The pro baseball player from Japan fell through a deck while taking a tour around the Marianas Resort and Spa on the Pacific island of Saipan.  The pitcher, Kouichi Taniguchi, at first said he felt fine, but two weeks later claimed the collapse hurt him.  Bad.

He sued.  He sought damages for, among other things, losses on contracts that, he alleged, would have paid him princely sums to promote stuff.  But, as the resort's brief on appeal pointed out, the contracts "were all backdated to dates prior to the accident."  The brief added, a bit unkindly:

[U]nder these back-dated contracts, a winless, retired journeyman pitcher was purportedly to receive about US $1,200,00 per year for promotional types of activities.  Taniguchi testified under oath at his deposition that he never expected to receive the $1.2 million — or indeed anything at all — from these three contracts.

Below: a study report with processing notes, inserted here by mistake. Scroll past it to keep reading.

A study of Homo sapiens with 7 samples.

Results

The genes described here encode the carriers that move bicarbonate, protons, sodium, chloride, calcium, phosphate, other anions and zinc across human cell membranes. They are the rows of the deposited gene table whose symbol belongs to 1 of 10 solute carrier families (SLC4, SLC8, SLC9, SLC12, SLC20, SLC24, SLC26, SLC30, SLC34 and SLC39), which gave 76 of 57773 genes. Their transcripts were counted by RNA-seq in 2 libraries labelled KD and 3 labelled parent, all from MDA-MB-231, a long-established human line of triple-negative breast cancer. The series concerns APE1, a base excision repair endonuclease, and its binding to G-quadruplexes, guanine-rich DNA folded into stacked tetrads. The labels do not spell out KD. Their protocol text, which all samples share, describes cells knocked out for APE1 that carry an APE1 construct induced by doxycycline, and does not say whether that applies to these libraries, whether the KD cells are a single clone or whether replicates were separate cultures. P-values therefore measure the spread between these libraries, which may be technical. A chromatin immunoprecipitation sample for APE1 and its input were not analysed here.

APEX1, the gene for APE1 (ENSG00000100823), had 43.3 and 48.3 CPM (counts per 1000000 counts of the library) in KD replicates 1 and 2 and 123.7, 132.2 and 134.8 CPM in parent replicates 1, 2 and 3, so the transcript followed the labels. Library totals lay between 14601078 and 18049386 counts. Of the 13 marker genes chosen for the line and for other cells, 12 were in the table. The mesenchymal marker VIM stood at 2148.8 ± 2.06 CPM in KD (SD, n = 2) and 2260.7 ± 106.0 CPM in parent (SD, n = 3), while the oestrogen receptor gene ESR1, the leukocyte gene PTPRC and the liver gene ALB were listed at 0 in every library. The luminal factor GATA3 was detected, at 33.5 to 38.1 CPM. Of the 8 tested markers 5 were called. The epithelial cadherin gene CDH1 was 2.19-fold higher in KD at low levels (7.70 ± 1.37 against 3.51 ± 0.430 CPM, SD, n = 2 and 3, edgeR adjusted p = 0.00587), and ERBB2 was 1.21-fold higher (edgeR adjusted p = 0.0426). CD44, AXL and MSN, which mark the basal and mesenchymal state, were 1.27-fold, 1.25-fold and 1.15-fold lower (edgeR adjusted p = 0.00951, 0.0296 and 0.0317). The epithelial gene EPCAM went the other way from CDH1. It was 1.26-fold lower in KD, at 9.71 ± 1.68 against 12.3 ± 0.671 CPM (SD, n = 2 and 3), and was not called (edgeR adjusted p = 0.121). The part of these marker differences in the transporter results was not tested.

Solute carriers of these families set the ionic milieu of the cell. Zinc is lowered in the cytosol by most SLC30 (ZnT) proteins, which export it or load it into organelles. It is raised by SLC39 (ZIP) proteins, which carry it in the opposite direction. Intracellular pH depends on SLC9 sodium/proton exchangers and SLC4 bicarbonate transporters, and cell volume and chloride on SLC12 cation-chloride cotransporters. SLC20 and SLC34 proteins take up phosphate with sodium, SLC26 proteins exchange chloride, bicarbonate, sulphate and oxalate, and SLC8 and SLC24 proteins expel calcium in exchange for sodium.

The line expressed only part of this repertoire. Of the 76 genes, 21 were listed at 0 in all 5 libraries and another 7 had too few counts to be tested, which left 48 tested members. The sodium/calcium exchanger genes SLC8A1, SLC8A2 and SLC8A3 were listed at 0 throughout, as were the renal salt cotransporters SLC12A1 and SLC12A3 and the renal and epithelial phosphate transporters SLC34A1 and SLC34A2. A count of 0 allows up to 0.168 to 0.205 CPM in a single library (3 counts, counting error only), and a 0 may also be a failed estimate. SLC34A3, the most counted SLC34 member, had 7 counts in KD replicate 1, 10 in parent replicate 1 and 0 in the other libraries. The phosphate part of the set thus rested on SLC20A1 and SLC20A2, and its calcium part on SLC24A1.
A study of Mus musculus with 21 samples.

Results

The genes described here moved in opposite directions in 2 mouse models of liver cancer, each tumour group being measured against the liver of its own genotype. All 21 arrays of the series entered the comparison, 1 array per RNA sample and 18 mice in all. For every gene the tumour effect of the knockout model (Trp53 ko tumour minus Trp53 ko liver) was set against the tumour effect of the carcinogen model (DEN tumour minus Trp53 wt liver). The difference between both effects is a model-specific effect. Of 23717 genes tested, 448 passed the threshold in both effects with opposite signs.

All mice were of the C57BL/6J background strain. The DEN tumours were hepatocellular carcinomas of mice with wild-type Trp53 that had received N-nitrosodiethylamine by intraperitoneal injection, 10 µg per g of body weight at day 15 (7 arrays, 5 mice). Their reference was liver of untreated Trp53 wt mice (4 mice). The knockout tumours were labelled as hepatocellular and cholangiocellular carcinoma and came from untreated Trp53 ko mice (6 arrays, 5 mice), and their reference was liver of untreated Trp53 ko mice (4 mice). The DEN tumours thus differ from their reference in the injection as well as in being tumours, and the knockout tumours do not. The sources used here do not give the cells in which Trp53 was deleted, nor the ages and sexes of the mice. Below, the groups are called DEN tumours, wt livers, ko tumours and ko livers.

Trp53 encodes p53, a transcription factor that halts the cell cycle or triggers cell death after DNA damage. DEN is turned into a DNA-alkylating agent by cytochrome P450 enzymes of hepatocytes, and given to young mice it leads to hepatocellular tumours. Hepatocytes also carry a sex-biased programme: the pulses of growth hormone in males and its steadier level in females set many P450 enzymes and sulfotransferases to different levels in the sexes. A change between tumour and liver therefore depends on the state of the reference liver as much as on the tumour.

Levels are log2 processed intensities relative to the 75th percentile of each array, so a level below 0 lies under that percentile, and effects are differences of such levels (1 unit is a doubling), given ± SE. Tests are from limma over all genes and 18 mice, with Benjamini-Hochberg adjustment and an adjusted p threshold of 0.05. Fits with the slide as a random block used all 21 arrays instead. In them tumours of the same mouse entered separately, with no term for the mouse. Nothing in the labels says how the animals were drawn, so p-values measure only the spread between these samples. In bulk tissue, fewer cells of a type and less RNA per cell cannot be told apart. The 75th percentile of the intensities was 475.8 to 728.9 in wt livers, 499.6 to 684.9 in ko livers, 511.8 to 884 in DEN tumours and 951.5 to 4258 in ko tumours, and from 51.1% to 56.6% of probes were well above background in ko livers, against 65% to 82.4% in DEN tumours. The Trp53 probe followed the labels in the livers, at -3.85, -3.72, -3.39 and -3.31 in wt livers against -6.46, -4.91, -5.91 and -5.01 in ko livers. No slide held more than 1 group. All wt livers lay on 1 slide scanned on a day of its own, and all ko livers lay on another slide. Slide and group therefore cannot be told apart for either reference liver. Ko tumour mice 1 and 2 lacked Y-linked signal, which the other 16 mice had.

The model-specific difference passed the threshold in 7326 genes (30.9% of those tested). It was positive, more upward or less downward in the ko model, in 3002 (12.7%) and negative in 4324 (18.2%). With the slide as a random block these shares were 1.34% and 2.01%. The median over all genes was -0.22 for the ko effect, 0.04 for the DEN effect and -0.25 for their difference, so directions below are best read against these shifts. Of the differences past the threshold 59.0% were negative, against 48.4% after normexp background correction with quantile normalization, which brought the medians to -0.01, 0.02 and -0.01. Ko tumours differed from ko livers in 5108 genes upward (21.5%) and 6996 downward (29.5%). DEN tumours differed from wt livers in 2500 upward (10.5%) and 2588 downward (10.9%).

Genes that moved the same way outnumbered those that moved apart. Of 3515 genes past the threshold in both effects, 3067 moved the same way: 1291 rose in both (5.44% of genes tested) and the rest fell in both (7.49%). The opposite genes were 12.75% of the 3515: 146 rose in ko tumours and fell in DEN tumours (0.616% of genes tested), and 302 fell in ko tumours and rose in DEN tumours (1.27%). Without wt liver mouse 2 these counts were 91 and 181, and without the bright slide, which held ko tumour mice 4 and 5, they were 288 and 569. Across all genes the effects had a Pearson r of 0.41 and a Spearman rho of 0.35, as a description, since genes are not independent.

Need Blawgletter say that Mr. Taniguchi never made more than $100,000 a year for pitching?  Or that he lost on summary judgment?

The appeal posed the question of whether the cost of translating the contracts from Japanese into English — the official language on Saipan — counted as recoverable expenses under 28 U.S.C. § 1920.  The district court held that "costs of special interpretation services" in section 1920(6) covers document translation.  

The Ninth Circuit affirmed.  The panel disagreed with the Seventh Circuit's view that "interpretation" doesn't mean "translation" and instead embraced the Sixth Circuit's earlier, and opposite, conclusion.  Taniguchi v. Kan Pacific Saipan, Ltd., No. 09-15212 (9th Cir. Mar. 8, 2011).